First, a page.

Most people don’t associate wine with hot weather, but most people are wrong. Not just white wines, but reds and rosés, are ideal for hot weather. Rosés and Moscatos have labored under bad reputations for too long.
“White wines on the more aromatic end of the spectrum have seen a serious rise in popularity in recent years.”
In the height of later summer, who can stomach anything but ice-cold beer and chilled white wine? Who could possibly imbibe a room-temperature red when the mercury is straining to reach the top of the thermometer?
But to limit yourself to whites this time of year is to miss out on some of the greatest hot-weather treats around. The key to branching out is to focus on reds, rosés, sparkling wines, and sweet wines that have enough acid to keep your mouth watering, a lithe enough body to pair with lighter summertime foods and the ability to be chilled down a bit — even if they’re red.
Here are five wines that will not only work in the hot weather but that may actually make you look forward to the heat.
Tastes Like: Bright, juicy fruit, with occasional spice notes
Good rosé has had its reputation sullied by too many bad bottles of saccharine-sweet white zinfandel. The real deal, however, is unexpectedly complex, and some of the food-friendliest wine around. From the dense, deep-pink rosé of cabernet sauvignon from South Africa’s Mulderbosch to the lighter, spicier bottling from France’s Mas de Gourgonnier, these wines are versatile and custom-made for this time of year.
Expert Advice: If you see multiple vintages of the same bottle on the shelf, go for the youngest one there: It’ll be fruitier and fresher.
Torrontes from Argentina
Tastes Like: Melon, peaches, flowers
White wines on the more aromatic end of the spectrum have seen a serious rise in popularity in recent years: Albariño from Spain’s excellent Rias Baixas, Viognier from France’s Rhone Valley and Torrontes from Argentina, which is the newest crush for many American white-wine lovers. This grape variety has everything going for it and is nicely embodied in the sustainably farmed Santa Julia 2010 bottling I recently tasted. It leads off with the evocative perfume of orange blossom and orchard fruit, and tastes of green papaya and ginger, all of it carried on a minerally linear backbone that screams out for soft-shell crabs.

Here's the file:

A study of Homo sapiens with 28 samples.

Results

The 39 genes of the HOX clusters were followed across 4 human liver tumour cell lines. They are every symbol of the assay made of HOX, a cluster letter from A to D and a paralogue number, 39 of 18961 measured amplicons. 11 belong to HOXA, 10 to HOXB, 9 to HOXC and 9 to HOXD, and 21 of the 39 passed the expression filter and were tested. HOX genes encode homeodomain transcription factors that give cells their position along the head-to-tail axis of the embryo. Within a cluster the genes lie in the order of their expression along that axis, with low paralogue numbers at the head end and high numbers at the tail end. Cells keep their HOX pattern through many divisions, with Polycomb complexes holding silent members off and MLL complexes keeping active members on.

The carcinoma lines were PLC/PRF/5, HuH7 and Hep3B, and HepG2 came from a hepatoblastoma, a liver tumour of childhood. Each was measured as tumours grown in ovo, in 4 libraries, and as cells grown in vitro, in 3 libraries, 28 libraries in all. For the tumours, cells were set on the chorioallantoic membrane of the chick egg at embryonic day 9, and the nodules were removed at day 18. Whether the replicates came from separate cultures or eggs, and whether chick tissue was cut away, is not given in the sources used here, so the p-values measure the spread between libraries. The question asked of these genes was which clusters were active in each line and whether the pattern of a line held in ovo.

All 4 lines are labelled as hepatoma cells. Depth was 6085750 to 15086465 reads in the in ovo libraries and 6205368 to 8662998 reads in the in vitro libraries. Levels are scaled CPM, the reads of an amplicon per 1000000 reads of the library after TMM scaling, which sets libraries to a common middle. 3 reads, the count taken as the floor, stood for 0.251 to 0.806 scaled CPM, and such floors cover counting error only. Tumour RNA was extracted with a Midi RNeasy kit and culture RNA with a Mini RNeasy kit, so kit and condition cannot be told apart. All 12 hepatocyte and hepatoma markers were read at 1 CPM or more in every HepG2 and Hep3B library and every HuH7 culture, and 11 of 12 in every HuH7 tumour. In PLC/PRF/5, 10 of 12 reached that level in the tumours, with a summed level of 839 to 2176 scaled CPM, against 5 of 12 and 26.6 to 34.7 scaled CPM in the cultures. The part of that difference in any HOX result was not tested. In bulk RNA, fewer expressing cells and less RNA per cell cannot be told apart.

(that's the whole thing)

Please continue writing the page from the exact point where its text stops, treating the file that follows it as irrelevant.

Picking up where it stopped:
Expert Advice: There’s some great Torrontes from Argentina’s most well-known region of Mendoza, but also check out the wonderful bottlings from further north in Salta and Cafayate.
Gamay from France’s Beaujolais Region
Tastes Like: Cherries, spice, and sometimes, as in the case of Beaujolais Nouveau, even bananas
Beaujolais is one of the great warm-weather wines of France. Its typically lighter body and fruit-driven character make it perfect for chilling down in the fridge for 15 minutes or so and drinking either alone or with the kind of foods we all eat this time of year. I recently tasted two Beaujolais from Joseph Drouhin that amply demonstrated why the 2009s are such gems. The Beaujolais-Villages was a charming mouthful of cherries and spice, while the more layered Brouilly embodied all that’s so great about both this vintage and this producer: It absolutely sings with brambly fruit, smoky cherries, tobacco and spice, and has the structure to either age for 5+ years or pair perfectly right now with barbecue. Bring on those ribs!
Expert Advice: Stock up on the 2009s. It was a remarkable year for Beaujolais, and many bottlings will reward a few years of evolution in the cellar.
Tastes Like: Nectarines, roses, spices
Moscato, like rosé, has had some tough breaks over the years, mainly because there’s a glut of bad “moscato” out there that tastes, well, nothing like the real deal. But the good stuff, like the excellent Cantine Maschio Moscato “Cadoro” I recently enjoyed, will change your mind after the first sip. This particular bottling is vivacious and scented with flowers and melon, and tastes like a cross between rose water and peach nectar. Try it with brunch — Moscato pairs spectacularly well with bacon — as a mid-afternoon sipper.
Expert Advice: Impress dinner guests with this simple, on-point summer dessert: Pour Moscato over the best cut-up seasonal fruit you can find.
Tastes Like: Peaches, honey, flowers
One of my favorite producers of Icewine is the very highly regarded Inniskillin, of Canada’s Niagara Peninsula. Their new release, the 2007 Vidal Icewine, is a stunner. It tastes of everything from white peaches and orange-blossom honey to preserved lemon and apricot. This is exactly the kind of wine that the word “ambrosial” is meant to describe. With cheese (I loved it with a Spanish Valdeon from Murray’s Cheese Shop in New York), it’s nothing short of stunning.
Expert Advice: The Inniskillin Vidal Icewine also shows beautifully with a range of other cheeses. Try it with nutty, tangy goat cheese and buttery-soft cow’s milk cheese as well.